Two steps forward, one step back: When health news overlooks active surveillance as treatment for prostate cancer

Kathlyn Stone is an associate editor with She tweets as @KatKStone.

Men with newly diagnosed prostate cancer deserve to be informed of all treatment possibilities–including less-aggressive options such as active surveillance. But it’s not unusual to see news stories and PR efforts overlook the latter as an evidence-based choice.

For example, a story in the New York Times last week highlighted the experience of a man who had undergone short-course radiation to treat his prostate cancer.

“After learning he had early stage prostate cancer, Paul Kolnik knew he wanted that cancer destroyed immediately and with as little disruption as possible to his busy life as the New York City Ballet’s photographer.”

The story goes on to describe the growing popularity of a treatment known as “short-course stereotactic body radiation therapy” (SBRT), stating the number of men getting SBRT “doubled to 1,886 in 2013 from 716 in 2007” while standard radiation therapy for prostate cancer declined over the same time period, according to Medicare data.

The article does a lot well–it provides context about side effects, includes insights from many oncology experts, and describes the existing gaps in research: “One reason for the dearth of data is that prostate cancer usually grows slowly, if at all, so it can take many years to see if a treatment saved lives. It is expensive and difficult to follow patients for such a long time, and the treatments given to the men often change over a decade, making doctors wonder if the results are relevant.”

What’s involved in active surveillance?

But the story didn’t include a treatment option known as active surveillance. This option is sometimes recommended for men with the most common type of prostate cancer, that is, slow growing and at low risk of developing into an aggressive cancer. It involves regular prostate-specific antigen, or PSA, blood tests and digital rectal exams once or twice a year and a biopsy every 1 to 2 years. Each of the tests are to gauge any changes that would point to the need for more aggressive treatment. In most cases, prostate cancer won’t show much (or any) change over 10 years.

This omission of active surveillance as an option for early-state prostate cancer is one we also called out in a recent review of a news release from the American Society for Radiation Oncology (ASTRO) about high-dose radiation.

Reviewers wrote: “A concern with this study is that nearly all of the patient volunteers would have been candidates for active surveillance–meaning that they did not need an active treatment. With no caveat that expert guidelines recommend surveillance for low-risk Stage 1 prostate cancers, this release engages in disease-mongering.”

Emphasizing new, “advanced” approaches to treatment at the expense of lower-risk, cheaper options is something we commonly see in news stories and PR efforts relating to health care. It’s a prime example of why our expert reviewers always ask “Does the story compare the new approach with existing alternatives?” when they evaluate stories and news releases.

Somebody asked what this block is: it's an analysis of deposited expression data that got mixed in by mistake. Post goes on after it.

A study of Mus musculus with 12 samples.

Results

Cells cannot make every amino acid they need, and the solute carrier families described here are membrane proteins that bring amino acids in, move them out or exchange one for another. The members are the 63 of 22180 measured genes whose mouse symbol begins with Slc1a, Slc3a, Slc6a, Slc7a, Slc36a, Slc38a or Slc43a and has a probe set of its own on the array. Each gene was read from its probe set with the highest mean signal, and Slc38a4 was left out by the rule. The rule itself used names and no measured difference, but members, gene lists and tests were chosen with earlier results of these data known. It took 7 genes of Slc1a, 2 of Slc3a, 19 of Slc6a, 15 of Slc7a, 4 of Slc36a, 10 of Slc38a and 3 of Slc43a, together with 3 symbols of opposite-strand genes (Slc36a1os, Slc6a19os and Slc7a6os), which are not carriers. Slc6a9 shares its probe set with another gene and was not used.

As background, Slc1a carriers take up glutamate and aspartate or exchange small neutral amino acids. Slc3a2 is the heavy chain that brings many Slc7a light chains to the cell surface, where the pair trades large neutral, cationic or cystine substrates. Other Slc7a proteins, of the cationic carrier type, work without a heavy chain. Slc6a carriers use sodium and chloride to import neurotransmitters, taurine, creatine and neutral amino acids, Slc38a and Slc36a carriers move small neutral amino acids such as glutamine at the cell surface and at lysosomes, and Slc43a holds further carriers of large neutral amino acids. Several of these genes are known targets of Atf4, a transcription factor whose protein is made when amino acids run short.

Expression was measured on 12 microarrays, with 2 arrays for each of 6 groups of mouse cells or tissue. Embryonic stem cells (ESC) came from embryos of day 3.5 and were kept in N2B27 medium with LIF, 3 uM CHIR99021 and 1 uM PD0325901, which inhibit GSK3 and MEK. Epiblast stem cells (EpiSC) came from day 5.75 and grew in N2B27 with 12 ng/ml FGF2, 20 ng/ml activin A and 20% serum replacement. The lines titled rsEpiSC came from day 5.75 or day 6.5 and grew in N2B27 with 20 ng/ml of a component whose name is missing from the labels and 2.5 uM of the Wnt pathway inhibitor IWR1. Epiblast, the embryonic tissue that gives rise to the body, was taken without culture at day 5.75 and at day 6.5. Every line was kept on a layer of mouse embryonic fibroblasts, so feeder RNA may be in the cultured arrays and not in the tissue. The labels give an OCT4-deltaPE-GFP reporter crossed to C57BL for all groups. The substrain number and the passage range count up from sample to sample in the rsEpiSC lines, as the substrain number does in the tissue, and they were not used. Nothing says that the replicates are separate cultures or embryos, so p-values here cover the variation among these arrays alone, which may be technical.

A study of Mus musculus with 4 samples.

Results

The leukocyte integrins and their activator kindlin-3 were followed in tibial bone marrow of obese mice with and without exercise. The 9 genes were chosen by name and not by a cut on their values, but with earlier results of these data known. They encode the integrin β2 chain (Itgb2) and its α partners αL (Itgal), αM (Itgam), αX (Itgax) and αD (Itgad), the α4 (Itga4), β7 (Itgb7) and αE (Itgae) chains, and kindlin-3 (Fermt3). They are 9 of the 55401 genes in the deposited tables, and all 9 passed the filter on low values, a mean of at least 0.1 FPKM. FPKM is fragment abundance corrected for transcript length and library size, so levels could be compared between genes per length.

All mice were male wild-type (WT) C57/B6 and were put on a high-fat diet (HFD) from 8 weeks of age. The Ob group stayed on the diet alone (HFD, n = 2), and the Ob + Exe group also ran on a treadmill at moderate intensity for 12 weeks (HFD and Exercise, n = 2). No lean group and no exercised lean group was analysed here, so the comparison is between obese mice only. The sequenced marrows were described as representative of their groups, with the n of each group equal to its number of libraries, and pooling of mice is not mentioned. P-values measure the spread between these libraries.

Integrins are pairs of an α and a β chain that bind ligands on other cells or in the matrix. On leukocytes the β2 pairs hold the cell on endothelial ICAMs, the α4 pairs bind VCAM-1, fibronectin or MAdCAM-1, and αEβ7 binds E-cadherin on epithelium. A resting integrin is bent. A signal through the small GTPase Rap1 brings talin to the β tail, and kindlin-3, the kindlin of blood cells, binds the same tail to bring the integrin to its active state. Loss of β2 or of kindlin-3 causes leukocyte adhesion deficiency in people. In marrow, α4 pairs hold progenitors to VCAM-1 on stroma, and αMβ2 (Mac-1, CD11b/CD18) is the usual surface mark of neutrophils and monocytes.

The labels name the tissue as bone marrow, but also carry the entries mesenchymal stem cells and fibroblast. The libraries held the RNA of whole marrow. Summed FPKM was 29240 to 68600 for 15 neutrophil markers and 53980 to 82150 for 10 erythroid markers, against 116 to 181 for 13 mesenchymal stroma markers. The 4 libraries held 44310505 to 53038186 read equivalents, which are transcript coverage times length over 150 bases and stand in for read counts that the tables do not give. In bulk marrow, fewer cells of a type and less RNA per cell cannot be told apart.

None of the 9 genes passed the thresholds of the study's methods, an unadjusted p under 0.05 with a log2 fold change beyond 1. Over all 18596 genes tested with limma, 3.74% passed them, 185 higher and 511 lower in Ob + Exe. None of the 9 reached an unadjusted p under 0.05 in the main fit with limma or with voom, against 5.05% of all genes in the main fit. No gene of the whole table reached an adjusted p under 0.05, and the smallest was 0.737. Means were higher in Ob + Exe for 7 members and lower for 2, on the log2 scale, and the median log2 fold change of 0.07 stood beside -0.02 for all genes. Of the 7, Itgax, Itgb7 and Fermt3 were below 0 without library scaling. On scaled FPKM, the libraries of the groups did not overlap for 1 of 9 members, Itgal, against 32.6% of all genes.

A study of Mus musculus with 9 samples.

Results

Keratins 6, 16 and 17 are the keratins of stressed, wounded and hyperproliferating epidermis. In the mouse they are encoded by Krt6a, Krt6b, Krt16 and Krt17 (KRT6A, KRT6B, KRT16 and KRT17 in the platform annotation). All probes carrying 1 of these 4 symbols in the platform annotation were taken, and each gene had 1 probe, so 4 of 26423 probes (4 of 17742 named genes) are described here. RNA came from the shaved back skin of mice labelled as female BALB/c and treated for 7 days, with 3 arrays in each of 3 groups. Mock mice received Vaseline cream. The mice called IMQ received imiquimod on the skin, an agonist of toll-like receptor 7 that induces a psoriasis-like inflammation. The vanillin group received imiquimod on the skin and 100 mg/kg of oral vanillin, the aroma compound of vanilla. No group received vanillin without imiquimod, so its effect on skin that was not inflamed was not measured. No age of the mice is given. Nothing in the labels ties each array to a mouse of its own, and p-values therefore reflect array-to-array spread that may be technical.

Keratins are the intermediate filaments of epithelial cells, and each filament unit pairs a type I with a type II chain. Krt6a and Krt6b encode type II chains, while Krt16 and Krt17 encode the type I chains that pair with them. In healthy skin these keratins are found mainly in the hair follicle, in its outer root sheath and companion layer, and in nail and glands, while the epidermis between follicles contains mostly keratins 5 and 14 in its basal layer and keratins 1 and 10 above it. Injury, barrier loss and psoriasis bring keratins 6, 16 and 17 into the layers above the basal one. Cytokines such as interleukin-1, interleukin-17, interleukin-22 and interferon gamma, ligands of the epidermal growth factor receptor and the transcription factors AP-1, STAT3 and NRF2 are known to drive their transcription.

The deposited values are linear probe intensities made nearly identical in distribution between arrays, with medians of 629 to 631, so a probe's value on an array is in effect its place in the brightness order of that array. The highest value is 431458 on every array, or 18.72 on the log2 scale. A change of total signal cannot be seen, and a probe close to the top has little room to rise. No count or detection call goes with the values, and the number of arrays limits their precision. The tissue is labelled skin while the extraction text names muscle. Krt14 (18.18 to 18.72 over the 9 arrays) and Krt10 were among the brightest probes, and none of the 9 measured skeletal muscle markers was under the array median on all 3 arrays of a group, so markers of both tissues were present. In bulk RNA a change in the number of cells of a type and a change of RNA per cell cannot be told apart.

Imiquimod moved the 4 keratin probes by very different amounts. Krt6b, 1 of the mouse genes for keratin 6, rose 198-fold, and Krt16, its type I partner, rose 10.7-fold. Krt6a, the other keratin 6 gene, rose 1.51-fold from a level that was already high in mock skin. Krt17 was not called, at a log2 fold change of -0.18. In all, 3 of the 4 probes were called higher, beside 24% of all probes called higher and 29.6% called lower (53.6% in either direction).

Active surveillance in recent medical research

Meanwhile, there’s a growing body of research showing that patients and their doctors should discuss active surveillance as a viable option.

Just last week, two new studies came out in JAMA looking at quality of life in patients treated with surgery (radical prostatectomy), radiation or surveillance. One 3-year study by researchers at Vanderbilt University, found that men undergoing surgery and radiation experienced worse sexual dysfunction at three months than those in the surveillance group. They also observed that surgery was associated with a worsening of sexual function and urinary incontinence than either radiation or active surveillance at 3 years, but with fewer urinary irritations than those choosing active surveillance. ( applied its systematic criteria in a review of Vanderbilt’s news release on the study. Reviewers noted it did many things well but erred in leaving out specifics on the measured benefits.)

The researchers concluded that the findings could help patients and physicians weigh comparative harms from each therapy, which would aid them in making the best treatment choice. The other study by researchers at the University of North Carolina at Chapel Hill had similar outcomes.

Last year, there was the clinical trial known as PIVOT (Prostate Intervention vs Observation Trial), which we wrote about. We were pleased to see the New York Times describing how many men diagnosed with prostate cancer “are opting for active surveillance of their cancer rather than more aggressive surgery or radiation.” That option deserved at least a line of acknowledgment in the Times’ most recent story about radiation.

‘Our society says if you can treat something, you treat it’

Shared decision-making on choosing a treatment for early stage prostate cancer is what led health care journalist Howard Wolinsky to choose active surveillance for managing his prostate cancer. Wolinsky, along with urologist Chris Warlick, MD, talk about the surveillance option in our podcast published earlier this month.

Wolinsky, now in his seventh year of active surveillance treatment, said choosing the option was not easy, and he saw more than one urologist.

“Our society says if you can treat something, you treat it. You know, ‘out, out damn cancer.'” But in choosing active surveillance Wolinsky says “you’re proactive by doing nothing. It’s not necessarily an easy thing to do.”

It may not be an easy choice, but it’s a choice that more men deserve to know about.